Wednesday, November 21, 2007
Richard Jacobs - Organic Farmers & Growers Ltd
How old are you?
What’s your occupation and who do you work for?
Chief Executive of Organic Farmers & Growers, one of the UK’s leading organic certification bodies and the first approved by the Government to carry out the inspection and licensing of organic food and farming.
How long have been doing this?
I’ve been at OF&G since 2000 starting as a Certification Officer, then Certification Manager and now Chief Exec.
What is it about your job that makes it ethical?
We’re supporting and promoting organic food, farming and other enterprises, such as cosmetics. In addition we now inspect and licence composting (not just organic) on behalf of The Composting Association. All of these areas contribute to the best and most efficient use of resources, the protection of the environment and the welfare of animals. In the case of composting it’s about turning what could otherwise be waste into a useful, sustainable product.
What’s the best bit about your job? Feeling that I’m doing my bit for activities that will take some of the strain off the planet. And on a more personal level I hope that we’re making organics accessible to more farmers and food producers who already have plenty of red tape to navigate through.
What’s the worst thing?
Dealing with bureaucracy, particularly at the European level, where sometimes rules are made with little discussion and without full consideration of the realities of farming and food production.
What have the last 12 months been like for you?
Both good and bad. Organics is growing strongly and more and more people are understanding what it means and the benefits it delivers. On the flipside we’ve been faced with many problems this year in the form of foot and mouth, bluetongue and now avian flu. These are putting real pressure on farmers, who are a large part of our client base, in many ways, most of which are not immediately visible to their customers; the public.
What were you doing before this?
I was Farm Manager for the Organic Research Centre, Elm Farm, an organic farm in Berkshire.
What was your very first full-time job?
Stacking shelves in a supermarket.
What advice would you give to someone wishing to embark on the same sort of work as you?
I think in this field it’s crucial to believe passionately in what you are doing. Organics is still finding its place in the world so we are all ambassadors and need to be able to communicate the benefits to those we meet and those we can influence.
Have you got any plans for the next 12 months you’d like to share with us?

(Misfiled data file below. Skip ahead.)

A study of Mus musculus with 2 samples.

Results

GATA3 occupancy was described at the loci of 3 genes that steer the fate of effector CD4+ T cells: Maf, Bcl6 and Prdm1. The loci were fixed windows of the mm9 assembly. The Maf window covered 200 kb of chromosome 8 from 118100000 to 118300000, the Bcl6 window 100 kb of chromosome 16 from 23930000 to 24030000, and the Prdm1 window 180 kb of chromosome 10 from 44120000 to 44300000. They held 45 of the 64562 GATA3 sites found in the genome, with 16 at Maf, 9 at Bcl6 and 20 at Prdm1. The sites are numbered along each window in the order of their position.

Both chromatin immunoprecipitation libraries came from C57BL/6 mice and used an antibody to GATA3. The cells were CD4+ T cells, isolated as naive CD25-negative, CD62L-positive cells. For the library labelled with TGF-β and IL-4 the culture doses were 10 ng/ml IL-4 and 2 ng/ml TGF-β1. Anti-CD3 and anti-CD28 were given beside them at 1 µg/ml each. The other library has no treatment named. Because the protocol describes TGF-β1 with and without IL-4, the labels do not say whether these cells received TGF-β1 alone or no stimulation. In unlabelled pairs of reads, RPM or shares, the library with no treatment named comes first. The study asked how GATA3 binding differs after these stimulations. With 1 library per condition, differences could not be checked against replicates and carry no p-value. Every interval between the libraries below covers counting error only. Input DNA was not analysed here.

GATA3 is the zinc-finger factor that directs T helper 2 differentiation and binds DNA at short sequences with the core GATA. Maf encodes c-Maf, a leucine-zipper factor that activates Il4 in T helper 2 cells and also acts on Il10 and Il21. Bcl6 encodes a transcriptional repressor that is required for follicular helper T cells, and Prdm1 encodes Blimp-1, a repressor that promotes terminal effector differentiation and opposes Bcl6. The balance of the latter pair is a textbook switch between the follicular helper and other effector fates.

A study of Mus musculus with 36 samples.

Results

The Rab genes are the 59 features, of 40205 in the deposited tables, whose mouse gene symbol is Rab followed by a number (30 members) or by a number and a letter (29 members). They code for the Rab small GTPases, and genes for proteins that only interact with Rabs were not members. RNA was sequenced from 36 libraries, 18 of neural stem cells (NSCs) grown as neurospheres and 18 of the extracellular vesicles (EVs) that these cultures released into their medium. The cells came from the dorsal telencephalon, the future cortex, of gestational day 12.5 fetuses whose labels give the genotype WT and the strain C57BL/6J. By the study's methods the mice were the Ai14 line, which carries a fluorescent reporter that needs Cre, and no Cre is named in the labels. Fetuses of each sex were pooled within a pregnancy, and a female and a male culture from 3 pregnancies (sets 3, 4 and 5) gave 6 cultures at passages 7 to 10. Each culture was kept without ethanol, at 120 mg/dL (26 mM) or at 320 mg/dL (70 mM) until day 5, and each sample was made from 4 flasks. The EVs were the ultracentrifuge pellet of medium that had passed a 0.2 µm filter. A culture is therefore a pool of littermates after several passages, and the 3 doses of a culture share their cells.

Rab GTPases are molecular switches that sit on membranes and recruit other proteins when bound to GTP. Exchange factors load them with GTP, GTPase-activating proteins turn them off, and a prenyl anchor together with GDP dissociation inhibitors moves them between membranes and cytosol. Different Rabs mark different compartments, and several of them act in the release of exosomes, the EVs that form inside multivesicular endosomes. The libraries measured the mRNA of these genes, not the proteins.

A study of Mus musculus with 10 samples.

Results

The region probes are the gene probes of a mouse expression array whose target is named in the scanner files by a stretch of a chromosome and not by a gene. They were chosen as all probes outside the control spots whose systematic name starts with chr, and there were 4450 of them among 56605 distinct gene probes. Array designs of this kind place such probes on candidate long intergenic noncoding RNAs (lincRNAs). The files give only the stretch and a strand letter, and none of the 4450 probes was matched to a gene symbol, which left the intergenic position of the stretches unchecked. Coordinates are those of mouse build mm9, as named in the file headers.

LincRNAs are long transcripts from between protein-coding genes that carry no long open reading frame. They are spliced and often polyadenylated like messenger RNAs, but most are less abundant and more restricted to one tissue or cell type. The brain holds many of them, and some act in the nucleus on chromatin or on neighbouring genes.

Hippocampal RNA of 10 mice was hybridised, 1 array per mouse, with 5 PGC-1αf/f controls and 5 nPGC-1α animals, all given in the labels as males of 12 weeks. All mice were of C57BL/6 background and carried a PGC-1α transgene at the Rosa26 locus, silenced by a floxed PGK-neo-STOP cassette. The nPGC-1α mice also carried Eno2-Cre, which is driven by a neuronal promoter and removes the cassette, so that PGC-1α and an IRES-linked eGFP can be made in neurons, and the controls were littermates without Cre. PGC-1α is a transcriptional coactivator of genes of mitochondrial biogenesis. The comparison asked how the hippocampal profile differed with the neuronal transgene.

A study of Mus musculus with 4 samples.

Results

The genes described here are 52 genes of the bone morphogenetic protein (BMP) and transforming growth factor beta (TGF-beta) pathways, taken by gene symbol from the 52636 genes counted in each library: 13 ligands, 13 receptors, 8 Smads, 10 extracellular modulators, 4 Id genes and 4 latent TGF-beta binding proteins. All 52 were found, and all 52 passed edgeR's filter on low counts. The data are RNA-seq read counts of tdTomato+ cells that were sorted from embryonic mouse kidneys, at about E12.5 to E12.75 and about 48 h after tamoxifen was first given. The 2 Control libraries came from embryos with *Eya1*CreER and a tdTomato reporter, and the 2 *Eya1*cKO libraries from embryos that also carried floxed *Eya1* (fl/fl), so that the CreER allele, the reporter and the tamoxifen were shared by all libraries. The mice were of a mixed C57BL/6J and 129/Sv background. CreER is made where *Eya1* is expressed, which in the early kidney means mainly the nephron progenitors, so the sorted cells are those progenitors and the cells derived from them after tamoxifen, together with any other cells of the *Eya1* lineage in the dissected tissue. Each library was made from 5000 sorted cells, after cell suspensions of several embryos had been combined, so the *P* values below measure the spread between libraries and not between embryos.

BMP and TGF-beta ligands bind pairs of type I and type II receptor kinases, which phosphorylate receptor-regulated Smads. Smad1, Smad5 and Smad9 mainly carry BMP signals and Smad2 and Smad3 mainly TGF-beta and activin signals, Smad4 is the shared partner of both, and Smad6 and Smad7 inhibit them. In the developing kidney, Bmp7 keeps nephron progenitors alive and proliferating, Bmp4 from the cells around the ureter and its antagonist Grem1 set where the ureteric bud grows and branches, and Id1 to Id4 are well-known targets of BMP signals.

With the addition of composting licensing and other projects we’ve had a busy year, so the next 12 months will be about consolidation in some areas, but hopefully with continued steady growth. We’ve got some events planned and there are important messages to spread, not least about getting more arable farmers to produce the organic crops we desperately need. Besides that, it’s sometimes hard to know what’s around the corner in this arena!
What do you do to relax?
I enjoy socialising, walking, reading, watching movies and the occasional glass of wine.
Whereabouts do you live?
In the lovely Shropshire county town of Shrewsbury, where OF&G has its headquarters.
If you were Prime Minister, what’s the very first thing you would do?
I’d put an immediate halt to the impending threat of the pollution of our countryside by genetically modified organisms. The Government seems determined to move towards introducing these unnatural elements into our landscape and we don’t know what the consequences will be. The hardest hit are likely to be the organic farmers. We don’t allow any GM in organic produce, so if they suffer cross-contamination from GM fields they will lose the benefits of their hard work and payback for their higher costs because they won’t be able to sell their produce on the organic market. So far there isn’t even a clear policy on whether they would be compensated. We say the polluter should pay but we’re far from certain that’s what the Government is thinking.
As cheap and easily available oil is expect to run out in the next couple of decades, what do you think will be the predominant form of transport in 2027? Probably similar to what we use now but with cleaner fuels and more efficient engines. I’m not sure that biofuels are going to be anything like the whole answer and they risk taking land away from food production. We’re probably going to have to rely heavily on the scientists and engineers for this one…
Have you got any guilty carbon secrets?
Not that I can think of. I grow my own organic fruit and veg and make my own compost. I do have to fly for work sometimes, but we ensure we carbon offset the whole company’s footprint for travel and other impacts.
What have you done that you were most proud of?
Made my children smile.
What single issue are you most concerned about in the world at large?
I think this has to come back to the GM issue. We are on the cusp of widely spreading combinations of genes that nature would never allow and we don’t have any idea of the long-term consequences of that. Nature usually finds a way of dealing with aberrations, but is it equipped to deal with this one?
Which person in the public eye do you most admire and why?
It’s not the people in the public eye that tend to grab my attention. The people that really impress me are the dedicated staff at OF&G and the many amazing clients that we serve who are making organics the success it is.
What’s your website address? www.organicfarmers.org.uk
What are your three favourite other websites of the moment?
I don’t really have favourite websites, I do surf many sites related to organic, food, agriculture and wider issues and I use Netvibes a lot, it’s an aggregator for RSS feeds and other features, which helps me stay in touch with news and events.